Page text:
What makes software valuable? Or, to be specific, when does software become valuable? To put it simply, software becomes valuable when the proper solution gets into the hands of the user. Software sitting on a developer’s computer, no matter how wonderfully it was designed or coded, doesn’t provide any value.

Your development teams are hard at work developing the best software possible. They are employing many of the agile practices that have been developed over the past decade or so, including implementing a rapid feedback loop through increased collaboration, developing in small iterations, ensuring transparency, and responding to change.

Including the Users

As part of that collaboration, are your teams able to access the users of the software? This can be difficult in corporate software development, and even tougher for commercial applications. To provide value, the software developed must be the proper solution for the user, which means gathering information and feedback from users is vital to the success of your software development teams.

In November, we released the TeamPulse Ideas and Feedback Portal. This is an excellent way to get input from users, whether they are internal or external. We have been actively gathering information from our Feedback Portal to continue to provide you the proper solution to help you be more productive in managing your projects.

Delivering Value

Ideas and requests are a great source for software improvement, but the value still needs to be delivered. How many times have you had an exchange similar to the following?

Customer: “We could be so much more productive if we had feature X”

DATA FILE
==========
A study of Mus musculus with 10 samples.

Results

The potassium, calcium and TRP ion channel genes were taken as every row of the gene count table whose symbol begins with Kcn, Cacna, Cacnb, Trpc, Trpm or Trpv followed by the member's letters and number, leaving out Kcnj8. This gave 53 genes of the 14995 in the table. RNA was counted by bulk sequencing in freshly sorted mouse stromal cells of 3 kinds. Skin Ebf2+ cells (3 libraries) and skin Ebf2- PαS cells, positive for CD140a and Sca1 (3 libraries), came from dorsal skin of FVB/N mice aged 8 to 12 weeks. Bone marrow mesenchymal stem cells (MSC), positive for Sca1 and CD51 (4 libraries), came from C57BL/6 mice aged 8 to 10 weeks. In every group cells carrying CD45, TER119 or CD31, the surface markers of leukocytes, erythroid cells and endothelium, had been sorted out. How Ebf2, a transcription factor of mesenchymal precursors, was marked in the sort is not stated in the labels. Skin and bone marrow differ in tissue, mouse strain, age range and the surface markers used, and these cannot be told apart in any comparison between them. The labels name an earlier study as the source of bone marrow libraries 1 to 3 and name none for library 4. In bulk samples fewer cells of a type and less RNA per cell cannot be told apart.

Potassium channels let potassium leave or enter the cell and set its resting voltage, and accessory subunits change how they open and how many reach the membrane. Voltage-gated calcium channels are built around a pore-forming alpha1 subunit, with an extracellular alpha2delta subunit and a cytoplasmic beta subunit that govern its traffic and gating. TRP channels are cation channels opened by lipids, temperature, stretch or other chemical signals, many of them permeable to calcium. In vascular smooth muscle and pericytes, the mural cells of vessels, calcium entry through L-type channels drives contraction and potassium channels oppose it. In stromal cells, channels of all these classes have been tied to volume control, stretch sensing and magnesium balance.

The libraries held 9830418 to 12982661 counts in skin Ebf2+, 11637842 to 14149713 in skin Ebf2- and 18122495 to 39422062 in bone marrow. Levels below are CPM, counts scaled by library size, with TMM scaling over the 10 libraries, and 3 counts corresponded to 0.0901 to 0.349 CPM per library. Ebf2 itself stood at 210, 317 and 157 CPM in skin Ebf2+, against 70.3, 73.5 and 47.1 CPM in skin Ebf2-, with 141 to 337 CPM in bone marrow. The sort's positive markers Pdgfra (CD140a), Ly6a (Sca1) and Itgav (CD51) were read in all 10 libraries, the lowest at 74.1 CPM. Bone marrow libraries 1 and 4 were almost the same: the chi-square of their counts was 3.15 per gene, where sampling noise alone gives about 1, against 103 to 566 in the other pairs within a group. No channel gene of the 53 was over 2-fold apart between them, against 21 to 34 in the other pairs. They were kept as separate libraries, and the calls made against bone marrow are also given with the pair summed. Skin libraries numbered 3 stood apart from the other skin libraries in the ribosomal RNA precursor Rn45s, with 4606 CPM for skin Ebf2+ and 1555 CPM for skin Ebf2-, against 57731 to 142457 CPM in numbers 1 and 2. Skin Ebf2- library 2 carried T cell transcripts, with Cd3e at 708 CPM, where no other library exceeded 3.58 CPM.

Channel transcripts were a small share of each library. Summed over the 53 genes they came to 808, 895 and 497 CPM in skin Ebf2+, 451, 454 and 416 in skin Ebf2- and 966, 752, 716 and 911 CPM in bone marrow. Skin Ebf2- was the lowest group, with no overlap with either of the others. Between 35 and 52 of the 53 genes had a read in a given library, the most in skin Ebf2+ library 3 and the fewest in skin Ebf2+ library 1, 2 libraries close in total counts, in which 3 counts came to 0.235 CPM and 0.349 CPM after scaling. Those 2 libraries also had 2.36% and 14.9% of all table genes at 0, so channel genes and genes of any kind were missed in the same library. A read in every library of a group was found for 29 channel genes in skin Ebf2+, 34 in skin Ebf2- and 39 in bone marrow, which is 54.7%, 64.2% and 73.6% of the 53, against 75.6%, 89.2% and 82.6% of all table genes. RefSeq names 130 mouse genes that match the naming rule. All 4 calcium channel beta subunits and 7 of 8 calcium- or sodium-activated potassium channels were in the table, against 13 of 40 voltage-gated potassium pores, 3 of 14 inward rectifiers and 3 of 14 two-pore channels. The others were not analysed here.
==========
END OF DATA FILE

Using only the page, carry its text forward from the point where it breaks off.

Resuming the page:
Product Owner: “That feature is code complete and tested, we just haven’t released it yet since it’s not scheduled until the next quarter”

Nobody wants to be part of that conversation, on either side. Unfortunately, there are additional steps to releasing software beyond just writing it. Since each sprint’s goal is to deliver potentially releasable software, there is work that must be undertaken to make it production ready. When your software is a commercial application, there are even more steps involved. Just a few of those tasks include ensuring backwards compatibility (or providing a migration if it needed to be broken), regression testing, and updating user documentation.

At the end of a day it’s a balancing act between continuing to add features and executing a software release. Here at Telerik, our amazing team developing TeamPulse have been continuously improving and streamlining their processes, including releasing new versions. I am proud to announce that we are committing to have a minimum of six releases a year. Not three releases and three service packs, but six (6) full releases a year. All this and not sacrificing features or product improvements! You can read more about our 2012 roadmap here.

Now that’s Delivering More Than Expected.

Is there a functionality you would like to see in a specific feature?

Let us know in the comments below.

About the Author

Phil Japikse

is an international speaker, a Microsoft MVP, ASPInsider, INETA Community Champion, MCSD, CSM/ CSP, and a passionate member of the developer community. Phil has been working with .Net since the first betas, developing software for over 20 years, and heavily involved in the agile community since 2005. Phil also hosts the Hallway Conversations podcast (www.hallwayconversations.com) and serves as the Lead Director for the Cincinnati .Net User’s Group (http://www.cinnug.org). You can follow Phil on twitter via www.twitter.com/skimedic, or read his personal blog at www.skimedic.com/blog.